Hilda Solis, '79, political science
Pursuing education and embracing opportunities are messages close to the heart of alumna and former U.S. Secretary of Labor Hilda Solis. They are lessons that reflect her own experiences of growing up in the working-class community of La Puente, being the first in her family to attend college, serving in the House of Representatives and becoming the first Latina in a president’s Cabinet.
This academic year, Solis returned to campus as a scholar-in-residence. She sat down with us to reflect on her time as a student at Cal Poly Pomona, the value of education and the way she overcame obstacles.
What were your first impressions of college and Cal Poly Pomona?
I’ll never forget the orientation program because we had to stay in the dorms with students from various states and countries. It was my first experience living away from home. I was the first in my family to go to college, so it was quite a shock even though it was so close to where I grew up. It was a good experience because I learned to be more relaxed around different people and different surroundings.
College was very competitive. I actually enjoyed the experience. It forced you to really prioritize where you spent your time, and to set priorities. Through the Educational Opportunity Program, we had a strict regimen because we had to meet with counselors and make sure that we were making progress. At the time, I didn’t realize how important it was to have someone guide and advise you. Those are the type of support services that add value to your education.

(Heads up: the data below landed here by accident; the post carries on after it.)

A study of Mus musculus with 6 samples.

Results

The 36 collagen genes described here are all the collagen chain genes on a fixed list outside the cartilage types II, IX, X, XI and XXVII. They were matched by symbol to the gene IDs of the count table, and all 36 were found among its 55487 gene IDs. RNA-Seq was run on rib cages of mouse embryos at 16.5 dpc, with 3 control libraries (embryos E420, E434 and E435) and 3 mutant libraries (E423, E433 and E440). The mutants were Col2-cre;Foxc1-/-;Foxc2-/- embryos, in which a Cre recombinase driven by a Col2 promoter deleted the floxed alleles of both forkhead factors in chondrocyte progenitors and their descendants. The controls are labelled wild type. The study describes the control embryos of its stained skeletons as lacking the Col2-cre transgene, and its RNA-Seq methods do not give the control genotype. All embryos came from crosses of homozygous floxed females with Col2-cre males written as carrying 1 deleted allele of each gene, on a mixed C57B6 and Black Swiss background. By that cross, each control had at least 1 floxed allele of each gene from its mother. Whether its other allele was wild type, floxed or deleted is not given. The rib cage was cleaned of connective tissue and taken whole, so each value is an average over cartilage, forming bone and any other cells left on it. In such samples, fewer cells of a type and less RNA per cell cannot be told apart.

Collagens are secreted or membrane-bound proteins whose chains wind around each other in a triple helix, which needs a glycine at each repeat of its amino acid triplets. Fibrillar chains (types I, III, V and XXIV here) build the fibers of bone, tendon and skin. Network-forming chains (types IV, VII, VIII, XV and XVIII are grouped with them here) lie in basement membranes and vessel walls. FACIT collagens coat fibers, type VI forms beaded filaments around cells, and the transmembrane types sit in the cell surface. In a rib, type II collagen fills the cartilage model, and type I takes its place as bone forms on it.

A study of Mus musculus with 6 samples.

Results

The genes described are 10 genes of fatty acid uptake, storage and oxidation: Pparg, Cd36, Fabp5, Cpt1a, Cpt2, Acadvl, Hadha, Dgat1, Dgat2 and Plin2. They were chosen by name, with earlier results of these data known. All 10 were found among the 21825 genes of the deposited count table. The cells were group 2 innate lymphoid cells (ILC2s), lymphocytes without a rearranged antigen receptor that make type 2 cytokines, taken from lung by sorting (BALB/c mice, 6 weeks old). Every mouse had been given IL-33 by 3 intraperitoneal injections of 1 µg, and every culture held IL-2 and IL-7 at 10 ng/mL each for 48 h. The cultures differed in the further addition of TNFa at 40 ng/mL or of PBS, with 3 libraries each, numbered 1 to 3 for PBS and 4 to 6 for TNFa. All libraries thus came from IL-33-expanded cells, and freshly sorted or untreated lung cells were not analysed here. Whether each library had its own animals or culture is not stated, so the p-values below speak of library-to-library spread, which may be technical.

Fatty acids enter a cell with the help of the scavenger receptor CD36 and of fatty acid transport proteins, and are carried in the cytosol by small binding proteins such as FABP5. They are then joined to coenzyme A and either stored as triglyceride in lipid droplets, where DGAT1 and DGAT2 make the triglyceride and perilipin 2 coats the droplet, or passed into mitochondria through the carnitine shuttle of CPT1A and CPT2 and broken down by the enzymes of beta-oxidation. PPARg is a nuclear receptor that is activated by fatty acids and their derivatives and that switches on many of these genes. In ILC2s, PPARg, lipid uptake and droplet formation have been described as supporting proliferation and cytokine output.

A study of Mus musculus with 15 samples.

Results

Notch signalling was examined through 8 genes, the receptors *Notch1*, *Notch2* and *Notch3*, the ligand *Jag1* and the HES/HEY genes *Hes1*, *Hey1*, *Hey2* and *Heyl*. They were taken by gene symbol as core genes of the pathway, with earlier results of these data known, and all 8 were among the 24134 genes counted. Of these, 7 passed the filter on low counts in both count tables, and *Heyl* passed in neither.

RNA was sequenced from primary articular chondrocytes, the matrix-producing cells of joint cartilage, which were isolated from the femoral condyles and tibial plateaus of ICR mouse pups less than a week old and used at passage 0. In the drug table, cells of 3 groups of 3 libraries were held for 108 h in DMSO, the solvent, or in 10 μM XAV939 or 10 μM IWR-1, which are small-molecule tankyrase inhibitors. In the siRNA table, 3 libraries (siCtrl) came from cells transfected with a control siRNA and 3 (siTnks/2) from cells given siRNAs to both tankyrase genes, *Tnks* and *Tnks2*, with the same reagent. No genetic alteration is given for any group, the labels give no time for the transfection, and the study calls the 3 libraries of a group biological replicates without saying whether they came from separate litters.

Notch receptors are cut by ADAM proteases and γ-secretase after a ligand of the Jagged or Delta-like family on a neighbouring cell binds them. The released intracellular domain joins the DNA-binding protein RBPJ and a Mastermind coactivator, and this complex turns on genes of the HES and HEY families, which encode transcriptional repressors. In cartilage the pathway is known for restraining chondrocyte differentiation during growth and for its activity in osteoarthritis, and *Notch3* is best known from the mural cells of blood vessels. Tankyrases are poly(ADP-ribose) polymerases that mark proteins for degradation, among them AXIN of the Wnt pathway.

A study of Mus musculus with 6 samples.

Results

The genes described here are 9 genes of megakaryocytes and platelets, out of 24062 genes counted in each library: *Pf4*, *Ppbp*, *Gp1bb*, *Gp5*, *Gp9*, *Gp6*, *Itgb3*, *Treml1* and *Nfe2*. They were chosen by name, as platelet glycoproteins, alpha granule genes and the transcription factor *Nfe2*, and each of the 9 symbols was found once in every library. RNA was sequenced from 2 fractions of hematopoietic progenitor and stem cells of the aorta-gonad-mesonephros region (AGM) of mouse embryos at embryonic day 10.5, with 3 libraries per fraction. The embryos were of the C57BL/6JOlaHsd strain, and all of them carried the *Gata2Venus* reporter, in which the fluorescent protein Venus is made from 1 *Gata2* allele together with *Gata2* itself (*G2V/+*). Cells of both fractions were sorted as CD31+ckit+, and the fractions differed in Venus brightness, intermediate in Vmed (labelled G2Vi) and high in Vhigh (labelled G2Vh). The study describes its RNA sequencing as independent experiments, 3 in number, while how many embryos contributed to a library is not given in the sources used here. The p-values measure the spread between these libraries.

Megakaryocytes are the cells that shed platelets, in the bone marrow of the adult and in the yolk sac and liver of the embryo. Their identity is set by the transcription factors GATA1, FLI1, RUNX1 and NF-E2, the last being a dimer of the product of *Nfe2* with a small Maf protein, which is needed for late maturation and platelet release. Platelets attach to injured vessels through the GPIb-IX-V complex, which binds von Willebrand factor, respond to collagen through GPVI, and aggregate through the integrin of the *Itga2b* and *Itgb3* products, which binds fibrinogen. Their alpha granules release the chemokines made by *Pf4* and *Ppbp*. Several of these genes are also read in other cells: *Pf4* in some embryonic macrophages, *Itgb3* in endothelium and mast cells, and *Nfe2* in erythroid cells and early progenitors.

What kind of leadership experiences did you have in college?
One of my first student jobs was through the program that recruited me here — the Educational Opportunity Program. I was asked to be a student recruiter and to conduct outreach at local high schools. The message was: “There are opportunities. Change the course of your life by preparing for a career. Apply your talents and skills. You can do it. Don’t let people put obstacles in your way. Realize your full potential.”
What kind of obstacles did you experience?
Not all public education at the secondary level is equal. At the time, there were students in my groups who were not geared toward a college education. Courses such as AP classes were not offered for people like me. I recall spending many hours in the library and summers preparing for my college course work. Even though you may come from a different socioeconomic background, that doesn’t have to determine your fate. That’s something I believe in. That’s a story that has to be told, because that’s what an education does. It helps to equalize and provide balance in our society. This year, we have 6,000 new freshmen and transfer students.
How should they approach college and what can they expect in the working world?
It’s a very competitive atmosphere right now because of the economic contractions. Businesses are looking for highly talented and skilled individuals. Find out what your passion is, what you like to do, and follow it. But also figure out what that means in terms of economic well-being, where you want to be and where you see yourself. I think its fine for young people to come in and aspire for one thing, but it’s OK to change your mind too. I did. I think I changed my major two or three times. You’re not going to fail. It’s really more about finding out your preferences and where you ultimately want to be happy.